The Language Documentation & Conservation program at the University of Hawai‘i at Mānoa provides advanced training in the theory, methods and practices of Documentary Linguistics. The academic program is a key part of a larger effort which includes:
- the journal Langauge Documentation & Conservation, a peer-reviewed open-access forum for discussing issues of relevance to the discipline
- the International Conference on Language Documentation & Conservation, a biannual gathering of Indigenous language advocates and practitioners
- the Language Documentation Training Center, a student-led initiative to train community members of underdocumented languages in the methods of documentary linguistics
Students in the LD&C program receiving training in both the standard methods of linguistic analysis as well as the ethics and protocols surrounding community-based collaborative research. Through both classroom and field-based experiences, students gain skills in the use of modern recording techniques, annotation methods, and analysis and archiving tools.
What is Documentary Linguistics?
Documentary linguistics is concerned with the creation of an enduring, permanent record of language. The centerpiece of this work is the representation of naturally occurring speech using annotated audio and video recordings. In some sense, documentary linguistics seeks to create a record of language which will allow future researchers to investigate a language long after its last speakers have passed on.
More than half of the world’s 7000 or so languages are currently endangered. These languages are no longer being actively passed on from one generation to the next, and unless this trend is reversed, knowledge of these languages will disappear with their last speakers. There will be no one around to answer the question, “How do you say X in your language?” There will be no one around to give grammaticality judgements, to say whether or not it is permissible to form object relative clauses of the form ‘the book that you read.’ The records created by documentary linguistics will allow us to continue to ask these questions in the future—even if speakers are not around to answer them.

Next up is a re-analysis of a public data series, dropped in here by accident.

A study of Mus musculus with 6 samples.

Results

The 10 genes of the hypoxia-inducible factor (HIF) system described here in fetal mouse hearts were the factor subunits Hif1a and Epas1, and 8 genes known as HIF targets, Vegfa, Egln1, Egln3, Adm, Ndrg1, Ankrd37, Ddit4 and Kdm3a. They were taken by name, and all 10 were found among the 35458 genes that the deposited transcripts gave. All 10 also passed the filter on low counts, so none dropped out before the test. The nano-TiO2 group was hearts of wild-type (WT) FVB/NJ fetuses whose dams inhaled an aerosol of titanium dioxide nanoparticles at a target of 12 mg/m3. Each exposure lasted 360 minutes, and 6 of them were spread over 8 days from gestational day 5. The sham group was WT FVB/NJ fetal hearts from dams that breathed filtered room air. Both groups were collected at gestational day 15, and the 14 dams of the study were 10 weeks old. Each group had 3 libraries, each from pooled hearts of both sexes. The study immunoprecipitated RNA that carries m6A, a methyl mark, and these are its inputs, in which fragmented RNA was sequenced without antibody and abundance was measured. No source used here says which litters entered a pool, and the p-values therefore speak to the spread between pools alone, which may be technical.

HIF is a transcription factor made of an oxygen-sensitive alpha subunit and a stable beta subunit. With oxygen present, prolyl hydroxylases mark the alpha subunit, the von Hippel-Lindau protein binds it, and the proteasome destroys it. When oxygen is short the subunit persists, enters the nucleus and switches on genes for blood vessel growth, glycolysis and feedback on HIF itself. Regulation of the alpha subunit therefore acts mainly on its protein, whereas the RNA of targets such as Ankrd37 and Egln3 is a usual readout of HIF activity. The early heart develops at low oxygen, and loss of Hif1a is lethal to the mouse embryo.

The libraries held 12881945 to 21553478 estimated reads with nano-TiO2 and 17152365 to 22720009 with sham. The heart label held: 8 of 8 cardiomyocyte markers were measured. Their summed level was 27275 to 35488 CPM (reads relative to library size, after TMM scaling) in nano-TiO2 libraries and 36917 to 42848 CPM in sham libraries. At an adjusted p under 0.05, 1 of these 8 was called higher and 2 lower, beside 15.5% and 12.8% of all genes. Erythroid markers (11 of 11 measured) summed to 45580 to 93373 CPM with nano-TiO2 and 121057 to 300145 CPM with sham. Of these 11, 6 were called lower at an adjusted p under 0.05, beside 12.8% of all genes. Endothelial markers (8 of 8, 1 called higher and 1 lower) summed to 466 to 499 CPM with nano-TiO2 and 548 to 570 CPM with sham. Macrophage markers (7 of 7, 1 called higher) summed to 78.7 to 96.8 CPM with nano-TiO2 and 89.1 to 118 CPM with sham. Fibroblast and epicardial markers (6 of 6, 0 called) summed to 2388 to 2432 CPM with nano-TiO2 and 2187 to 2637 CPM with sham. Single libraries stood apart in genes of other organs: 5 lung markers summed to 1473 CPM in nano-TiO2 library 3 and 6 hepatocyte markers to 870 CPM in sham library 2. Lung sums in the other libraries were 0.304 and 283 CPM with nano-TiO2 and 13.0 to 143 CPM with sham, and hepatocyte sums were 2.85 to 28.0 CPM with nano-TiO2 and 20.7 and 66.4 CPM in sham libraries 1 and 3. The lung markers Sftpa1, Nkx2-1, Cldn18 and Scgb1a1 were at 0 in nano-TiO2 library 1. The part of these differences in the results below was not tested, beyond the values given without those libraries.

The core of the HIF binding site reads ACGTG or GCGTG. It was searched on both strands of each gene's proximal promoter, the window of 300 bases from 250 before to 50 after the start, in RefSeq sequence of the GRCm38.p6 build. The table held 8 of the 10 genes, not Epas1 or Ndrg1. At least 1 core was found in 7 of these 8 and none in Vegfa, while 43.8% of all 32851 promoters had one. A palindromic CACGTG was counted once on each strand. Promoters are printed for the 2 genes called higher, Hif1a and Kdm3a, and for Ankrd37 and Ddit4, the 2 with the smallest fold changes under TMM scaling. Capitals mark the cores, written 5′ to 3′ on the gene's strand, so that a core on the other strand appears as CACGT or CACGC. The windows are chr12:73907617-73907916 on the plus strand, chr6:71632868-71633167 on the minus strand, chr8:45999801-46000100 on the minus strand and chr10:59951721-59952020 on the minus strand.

You might be wondering, why not just ask all of these questions now and be done with it? Then we wouldn’t need to go to all the trouble of creating a permanent record of language (and we wouldn’t need this book). The problem is that such an approach would only allow us to ask the questions that we know enough to ask now. But future linguists will have new concerns, new theories, new questions. They will need access to a record of languages which allows them to ask those questions. This is the fundamental challenge of documentary linguistics: creating a record of language which isn’t limited by the questions or theoretical fashions of the day but will instead allow future researchers to answers questions which we haven’t yet thought to ask.
Language Maintenance and Conservation
Language conservation refers to efforts to reverse the process of language shift that is inherent to endangered languages. Some people prefer the term language revitalization or language maintenance, but the term conservation is intended as a cover term for all of this kind of work. At one extreme this may even involve language reclamation or revival, efforts to create new speakers of a language whose last speakers have already passed away.
Language conservation is an integral part of documentary linguistics, and it is an integral part of the LD&C program at Hawai‘i. Most documentation work takes place within endangered language communities, and the continuing threat of language loss hangs over many documentation projects. Indeed, it is not uncommon for some of the more eloquent and skilled speakers of an endangered language to pass away during the course of a documentation project. In this context it is difficult to ignore the need for efforts to reverse ongoing language shift. This may even be the primary reason for speakers to become involved with language documentation. While not every individual researcher will have strengths in both language documentation and conservation, no documentation project can completely ignore conservation issues. By the same turn, language conservation programs cannot ignore documentation, as the materials created by language documentation are critical to conservation efforts, and the record created by documentary linguistics can serve as a resource for (re)learning languages. For many endangered languages, few if any reference materials are available for language learners, and what resources do exist are primarily descriptive in nature.
To find out more about the LD&C academic program at the University of Hawai‘i at Mānoa, see the department website or feel free to contact me directly.